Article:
The Light Blue men’s basketball team knows heartbreak after stumbling down the stretch the past two seasons, but head coach Joe Jones has made it a priority of keep his team mentally tough. Jones’ methodical brand of basketball, emphasizing energy and physicality on defense and execution on offense, fits well in the Ivy League, a conference known for its low-scoring, defensively minded play. Avoiding mistakes and controlling the tempo will be key to Columbia’s game plan this season.
Whether the Lions can develop the chemistry to carry it out, though, will be a major factor in determining their success. The frontcourt, some inexperienced and others injury-prone, must replace key 2009 graduates Jason Miller and Joe Bova. The list of those expected to fill the void is headlined by transfer Brian Grimes, who missed one year after transferring and another due to a torn ACL. Another transfer, 7-footer Max Craig, will be forced to spend the early part of the season on the sidelines due to a foot injury suffered a few weeks ago. Junior Asenso Ampim, who helped control the paint for the Lions last year, has missed time each of his first two years due to injury. Also battling for playing time in the post will be freshmen newcomers Mark Cisco (6-foot-8) and John Daniels (6-foot-7).
Evaluating the team’s various options down low, Jones said: “We have a lot of guys that I think can really help up front.” Nonetheless, he acknowledged the importance new faces will have given the absence of battle-tested players.
“Of anybody who is going to play who didn’t last year it’ll be guys on the front line,” he said.
The backcourt, patrolled by several talented upperclassmen, has played together a great deal, but not recently. Senior co-captains Patrick Foley and Niko Scott were also limited this summer by injuries, forcing them to try to make up for lost playing time and find their rhythm in the preseason.
Of course, the Lions will need to score in order to win, and this year’s squad must find a way to assert itself on the offensive end of the floor without weakening itself on defense. Foley is entering his senior year as the starting point guard for the Light Blue, and whether the team finds its balance will depend heavily on the co-captain.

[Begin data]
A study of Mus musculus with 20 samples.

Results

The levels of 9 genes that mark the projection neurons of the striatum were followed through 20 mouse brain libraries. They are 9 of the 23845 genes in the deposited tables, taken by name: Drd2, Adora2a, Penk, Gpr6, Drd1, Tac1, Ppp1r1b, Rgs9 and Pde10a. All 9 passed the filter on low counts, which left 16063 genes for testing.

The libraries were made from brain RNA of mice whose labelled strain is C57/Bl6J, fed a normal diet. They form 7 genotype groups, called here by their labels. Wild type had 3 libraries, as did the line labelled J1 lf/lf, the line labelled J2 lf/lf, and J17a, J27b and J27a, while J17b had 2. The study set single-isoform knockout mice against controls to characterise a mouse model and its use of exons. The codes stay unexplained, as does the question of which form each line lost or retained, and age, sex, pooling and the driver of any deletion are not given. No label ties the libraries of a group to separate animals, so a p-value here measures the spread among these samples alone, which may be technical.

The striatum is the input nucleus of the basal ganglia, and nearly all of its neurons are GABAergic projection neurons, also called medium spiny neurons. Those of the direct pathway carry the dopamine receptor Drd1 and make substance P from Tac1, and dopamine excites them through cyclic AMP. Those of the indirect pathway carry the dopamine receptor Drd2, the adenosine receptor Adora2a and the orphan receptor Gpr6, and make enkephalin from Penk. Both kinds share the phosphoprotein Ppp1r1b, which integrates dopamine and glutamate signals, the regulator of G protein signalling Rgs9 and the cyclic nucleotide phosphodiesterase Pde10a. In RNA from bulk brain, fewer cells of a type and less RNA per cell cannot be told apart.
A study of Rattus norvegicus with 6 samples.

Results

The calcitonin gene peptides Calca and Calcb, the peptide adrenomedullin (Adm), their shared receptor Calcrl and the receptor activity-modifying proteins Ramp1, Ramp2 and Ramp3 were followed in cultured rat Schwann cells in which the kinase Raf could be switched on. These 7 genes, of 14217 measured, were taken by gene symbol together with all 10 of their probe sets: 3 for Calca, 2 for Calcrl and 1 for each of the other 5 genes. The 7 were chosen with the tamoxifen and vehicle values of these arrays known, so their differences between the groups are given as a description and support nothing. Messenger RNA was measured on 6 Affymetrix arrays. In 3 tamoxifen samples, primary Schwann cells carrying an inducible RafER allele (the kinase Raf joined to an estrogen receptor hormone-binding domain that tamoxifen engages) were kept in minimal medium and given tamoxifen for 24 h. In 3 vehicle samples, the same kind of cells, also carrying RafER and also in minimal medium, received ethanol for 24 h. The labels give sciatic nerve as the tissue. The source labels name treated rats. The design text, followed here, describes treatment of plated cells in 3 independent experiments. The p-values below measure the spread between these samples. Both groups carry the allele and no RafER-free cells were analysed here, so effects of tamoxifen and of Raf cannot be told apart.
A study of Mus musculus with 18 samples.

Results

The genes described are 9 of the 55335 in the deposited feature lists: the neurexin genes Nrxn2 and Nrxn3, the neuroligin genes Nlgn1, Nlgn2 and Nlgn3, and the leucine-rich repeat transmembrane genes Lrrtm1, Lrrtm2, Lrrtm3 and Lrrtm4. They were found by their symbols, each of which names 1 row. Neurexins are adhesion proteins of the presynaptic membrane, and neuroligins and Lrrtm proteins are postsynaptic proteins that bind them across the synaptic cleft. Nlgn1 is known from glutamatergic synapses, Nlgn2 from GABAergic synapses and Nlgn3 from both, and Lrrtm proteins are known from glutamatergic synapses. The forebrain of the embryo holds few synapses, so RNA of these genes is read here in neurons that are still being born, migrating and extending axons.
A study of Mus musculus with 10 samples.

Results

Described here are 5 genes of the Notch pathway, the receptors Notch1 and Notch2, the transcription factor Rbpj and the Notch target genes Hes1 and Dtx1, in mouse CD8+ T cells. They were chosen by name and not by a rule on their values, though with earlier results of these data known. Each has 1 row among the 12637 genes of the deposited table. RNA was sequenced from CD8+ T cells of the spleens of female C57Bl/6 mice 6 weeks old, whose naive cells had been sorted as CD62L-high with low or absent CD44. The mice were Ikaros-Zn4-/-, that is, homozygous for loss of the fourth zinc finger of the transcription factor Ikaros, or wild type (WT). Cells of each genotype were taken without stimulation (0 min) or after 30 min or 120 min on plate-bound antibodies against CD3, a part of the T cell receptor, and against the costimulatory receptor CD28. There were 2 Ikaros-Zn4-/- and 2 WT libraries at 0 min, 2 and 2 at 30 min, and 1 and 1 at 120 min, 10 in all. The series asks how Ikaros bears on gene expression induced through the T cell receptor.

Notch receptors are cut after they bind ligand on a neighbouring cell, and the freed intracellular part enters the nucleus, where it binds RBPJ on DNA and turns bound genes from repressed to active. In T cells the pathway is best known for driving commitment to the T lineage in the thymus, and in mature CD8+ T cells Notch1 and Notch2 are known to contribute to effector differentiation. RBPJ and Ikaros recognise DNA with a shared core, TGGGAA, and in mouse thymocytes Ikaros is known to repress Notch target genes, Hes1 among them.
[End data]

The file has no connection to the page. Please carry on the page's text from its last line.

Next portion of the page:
He possesses a rare combination of experience and flare that allows him to be both a playmaker and a scoring threat from the point. Jones discussed Foley’s importance in an Ivy League teleconference.
“Pat has to do a job for us in terms of making good decisions of when to score it, when to pass it,” he said. “We’ve used him in the past as a scorer and we’ll be dependent on him to do that, but I think his distribution, in terms of his assist-to-turnover ratio and running our ballclub at a high level, is going to be as important and where I want him to go.”
Scott and co-captain Kevin Bulger will be relied upon heavily to lead the team’s defensive efforts. Bulger, the team’s co-MVP last winter, and Scott, the reigning team defensive MVP, bring energy and experience to the floor. Scott is also a dangerous long-range shooter, connecting on more than 42 percent of his attempts from beyond the arc.
Another key component of the Lions’ squad will be sophomore Noruwa Agho. The strong, explosive guard came on strong late in the 2008-2009 season, averaging 10.5 points in Ivy competition and eclipsing the 20-point mark three times. His work ethic has caught Jones’ eye.
“Probably since I’ve been here we’ve never had a kid work as hard as he works on a daily basis,” Jones said. “He works on his game constantly and wants to be a great player.”
Experience in the backcourt could prove key early as the Light Blue schedule opens with trips to DePaul and Syracuse. Later in the nonconference slate, Columbia will face two tough Patriot League squads in Bucknell and Lehigh.
Those games will offer the Lions a chance to come together early, but the true test will begin at the start of Ivy play. The real question is where Columbia will be by then. Title contender in the league’s upper echelon? Maybe. A disappointment? Also possible. That’s what makes this year so unpredictable.